Spain’s newly elected Parliament voted Thursday by a majority to elect a Socialist candidate as chamber speaker, breathing some life into acting Socialist Prime Minister Pedro Sánchez’s aspirations of forming another leftist government. The crucial vote was won by Francina Armengol with 178 votes in the 350-lower house of parliament, against 139 for the main conservative Popular Party’s candidate.
It was the first parliamentary vote since inconclusive national elections on July 23 left no group with an easy path to form government. Parties on the left and right have almost an equal number of seats.
It remains to be seen if Sánchez can round up the same support should he be called on by the king to try to form a government. If not, a new election could be around the corner.
Armengol won with the support of 14 votes from two separatist parties in the northeastern region of Catalonia, including seven from Junts (Together), a radical Catalan separatist party led by fugitive politician Carles Puigdemont, who resides in Brussels after fleeing Spain following his unsuccessful 2017 secession bid.
Junts were quick to point out that the vote was solely for the speaker position and did not indicate the party would back Sánchez.
But analysts agreed a new Sánchez-led government was now a real possibility.
Such an outcome “is today closer than yesterday. Steps have been taken to bring Junts closer to a favourable vote for Pedro Sánchez,” said political scientist Toni Rodón from Barcelona’s Pompeu Fabra University.
“Reaching this pact breaks the ice in a relationship (between Junts and the Socialists) marred by an enormous mistrust,” he added.
If that were to happen, Puigdemont, who faces criminal charges in Spain, would be in prime position to determine the course of Spain’s politics for the next four years, making it a constant cliffhanger of a legislature.
Besides Armengol, the Socialists and their center-left partner Sumar won four of the presiding council seats, as did the Popular Party, leaving the leftist bloc with a majority of five to four.
The council oversees parliament session and sets the legislative calendar.
Without Junts, Sánchez’s Socialists, the center-left Sumar (Joining Forces) and four smaller parties total 171 seats. The Popular Party, which received the greatest number of votes in the election last month, the far-right Vox party, and one smaller party can also muster the same 171 seats. To get an absolute majority, 176 votes are needed.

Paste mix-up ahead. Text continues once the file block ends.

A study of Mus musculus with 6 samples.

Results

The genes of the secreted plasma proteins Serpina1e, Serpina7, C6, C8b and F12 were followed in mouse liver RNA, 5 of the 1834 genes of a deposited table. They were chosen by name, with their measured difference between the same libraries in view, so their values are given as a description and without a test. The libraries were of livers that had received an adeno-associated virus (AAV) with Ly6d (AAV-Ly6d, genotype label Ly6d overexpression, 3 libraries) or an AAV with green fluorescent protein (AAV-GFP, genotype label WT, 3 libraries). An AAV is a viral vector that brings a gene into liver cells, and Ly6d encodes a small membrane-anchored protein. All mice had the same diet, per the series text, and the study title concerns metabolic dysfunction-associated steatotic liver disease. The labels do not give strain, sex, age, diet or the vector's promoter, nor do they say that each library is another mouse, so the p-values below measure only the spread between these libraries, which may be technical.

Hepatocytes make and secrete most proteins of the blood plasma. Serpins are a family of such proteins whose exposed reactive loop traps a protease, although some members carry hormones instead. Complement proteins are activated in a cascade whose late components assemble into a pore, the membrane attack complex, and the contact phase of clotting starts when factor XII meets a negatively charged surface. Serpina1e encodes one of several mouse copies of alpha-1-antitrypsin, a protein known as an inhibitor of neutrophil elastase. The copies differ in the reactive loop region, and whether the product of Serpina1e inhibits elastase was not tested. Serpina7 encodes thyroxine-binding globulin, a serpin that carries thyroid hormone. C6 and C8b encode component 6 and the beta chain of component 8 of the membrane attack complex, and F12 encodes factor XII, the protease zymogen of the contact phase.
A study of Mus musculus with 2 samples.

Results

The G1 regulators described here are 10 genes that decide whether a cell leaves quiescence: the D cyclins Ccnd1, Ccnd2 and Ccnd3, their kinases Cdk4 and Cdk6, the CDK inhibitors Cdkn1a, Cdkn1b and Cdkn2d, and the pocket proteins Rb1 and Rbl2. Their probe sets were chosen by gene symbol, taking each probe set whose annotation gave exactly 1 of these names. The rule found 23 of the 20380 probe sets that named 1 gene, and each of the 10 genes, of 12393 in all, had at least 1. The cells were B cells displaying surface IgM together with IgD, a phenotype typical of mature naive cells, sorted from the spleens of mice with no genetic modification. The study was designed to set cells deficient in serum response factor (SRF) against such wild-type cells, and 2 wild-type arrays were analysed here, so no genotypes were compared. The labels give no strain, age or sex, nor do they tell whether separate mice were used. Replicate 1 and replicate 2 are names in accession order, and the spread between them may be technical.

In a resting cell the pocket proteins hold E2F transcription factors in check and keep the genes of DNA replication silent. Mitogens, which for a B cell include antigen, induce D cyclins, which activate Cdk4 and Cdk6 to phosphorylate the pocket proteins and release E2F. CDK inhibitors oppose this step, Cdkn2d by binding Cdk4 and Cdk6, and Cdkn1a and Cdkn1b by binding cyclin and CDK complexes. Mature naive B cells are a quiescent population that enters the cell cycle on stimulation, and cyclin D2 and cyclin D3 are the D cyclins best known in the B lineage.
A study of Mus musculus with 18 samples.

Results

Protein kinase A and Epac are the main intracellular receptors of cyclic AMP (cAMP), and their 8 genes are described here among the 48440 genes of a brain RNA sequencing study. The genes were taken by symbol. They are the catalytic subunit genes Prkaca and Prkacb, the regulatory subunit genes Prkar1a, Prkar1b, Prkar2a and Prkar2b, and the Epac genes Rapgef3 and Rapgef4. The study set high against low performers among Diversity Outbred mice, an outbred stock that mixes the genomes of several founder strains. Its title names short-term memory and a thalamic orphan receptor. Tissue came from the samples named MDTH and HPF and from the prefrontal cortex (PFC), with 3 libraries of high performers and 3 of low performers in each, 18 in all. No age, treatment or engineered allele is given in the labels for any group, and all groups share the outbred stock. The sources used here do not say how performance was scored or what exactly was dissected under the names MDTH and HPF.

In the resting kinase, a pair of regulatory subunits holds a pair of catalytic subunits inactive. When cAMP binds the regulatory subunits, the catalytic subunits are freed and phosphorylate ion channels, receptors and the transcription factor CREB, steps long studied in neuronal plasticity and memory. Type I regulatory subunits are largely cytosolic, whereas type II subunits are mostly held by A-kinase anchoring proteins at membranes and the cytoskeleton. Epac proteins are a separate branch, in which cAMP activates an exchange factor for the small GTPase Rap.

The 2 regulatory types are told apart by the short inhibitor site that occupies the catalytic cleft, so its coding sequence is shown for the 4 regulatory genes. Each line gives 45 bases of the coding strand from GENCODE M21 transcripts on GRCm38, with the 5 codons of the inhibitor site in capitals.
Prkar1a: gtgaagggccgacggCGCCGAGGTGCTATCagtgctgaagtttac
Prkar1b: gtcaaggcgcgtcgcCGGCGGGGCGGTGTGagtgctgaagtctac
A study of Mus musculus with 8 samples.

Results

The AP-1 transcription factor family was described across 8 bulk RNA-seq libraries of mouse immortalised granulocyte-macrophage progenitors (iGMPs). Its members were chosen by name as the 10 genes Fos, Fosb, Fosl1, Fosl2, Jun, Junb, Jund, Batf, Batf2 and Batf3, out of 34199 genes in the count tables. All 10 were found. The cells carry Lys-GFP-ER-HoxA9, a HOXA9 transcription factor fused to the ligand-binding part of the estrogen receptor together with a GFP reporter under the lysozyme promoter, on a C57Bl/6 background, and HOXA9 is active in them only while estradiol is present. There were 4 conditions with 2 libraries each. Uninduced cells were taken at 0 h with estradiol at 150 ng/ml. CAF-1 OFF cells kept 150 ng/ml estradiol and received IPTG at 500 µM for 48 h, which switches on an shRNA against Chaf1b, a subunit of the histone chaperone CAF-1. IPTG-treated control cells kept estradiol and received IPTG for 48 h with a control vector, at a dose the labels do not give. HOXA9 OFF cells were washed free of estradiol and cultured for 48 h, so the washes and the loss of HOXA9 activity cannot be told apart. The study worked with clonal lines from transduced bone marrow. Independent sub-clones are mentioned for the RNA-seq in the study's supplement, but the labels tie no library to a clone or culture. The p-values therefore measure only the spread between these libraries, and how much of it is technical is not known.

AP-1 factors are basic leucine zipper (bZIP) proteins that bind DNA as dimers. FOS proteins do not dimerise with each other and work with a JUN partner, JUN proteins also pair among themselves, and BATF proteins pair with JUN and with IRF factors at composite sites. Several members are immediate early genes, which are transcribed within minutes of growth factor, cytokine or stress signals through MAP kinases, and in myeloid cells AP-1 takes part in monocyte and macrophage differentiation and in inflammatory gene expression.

The defeat for Alberto Núñez Feijóo’s Popular Party highlighted its isolation in the chamber. This is mainly owing to its numerous pacts in regional and town hall governments with Vox, a party that is viewed as toxic by other groups in Parliament but which is the country’s third political force.
In the end, not even Vox voted for the PP candidate on Thursday, indicating a serious rift between the two and greatly weakening Feijóo’s chances of convincing the king he can command a government.
“In this scenario, King Felipe VI has now more reasons to ask Pedro Sánchez to be first to attempt the investiture instead of Feijóo, who had been the likely choice until now,” given that he won the greatest amount of votes in the July election, said political analyst Verónica Fumanal, of the Association of Political Communication.
But Puigdemont’s views are politically explosive for most Spaniards and giving into them could be a death trap for the leftist bloc.
The former regional president of Catalonia wants Spain’s incoming government to grant an amnesty to him and hundreds of other separatists facing legal problems for their part in his breakaway bid.
He also wants Madrid to authorize a referendum on independence for Catalonia.
The referendum is a non-starter for Sánchez, who has, however, pardoned high-profile separatists and reformed laws to give some legal relief to separatists as part of his agenda to lower tensions in Catalonia.
The next hurdle to forming a government will come in the following days, when King Felipe VI begins his consultations with the leaders of the different parties to see who has the best chance to form a government. If that candidate fails to secure the backing of Parliament, then a two-month countdown starts, after which new elections would be triggered.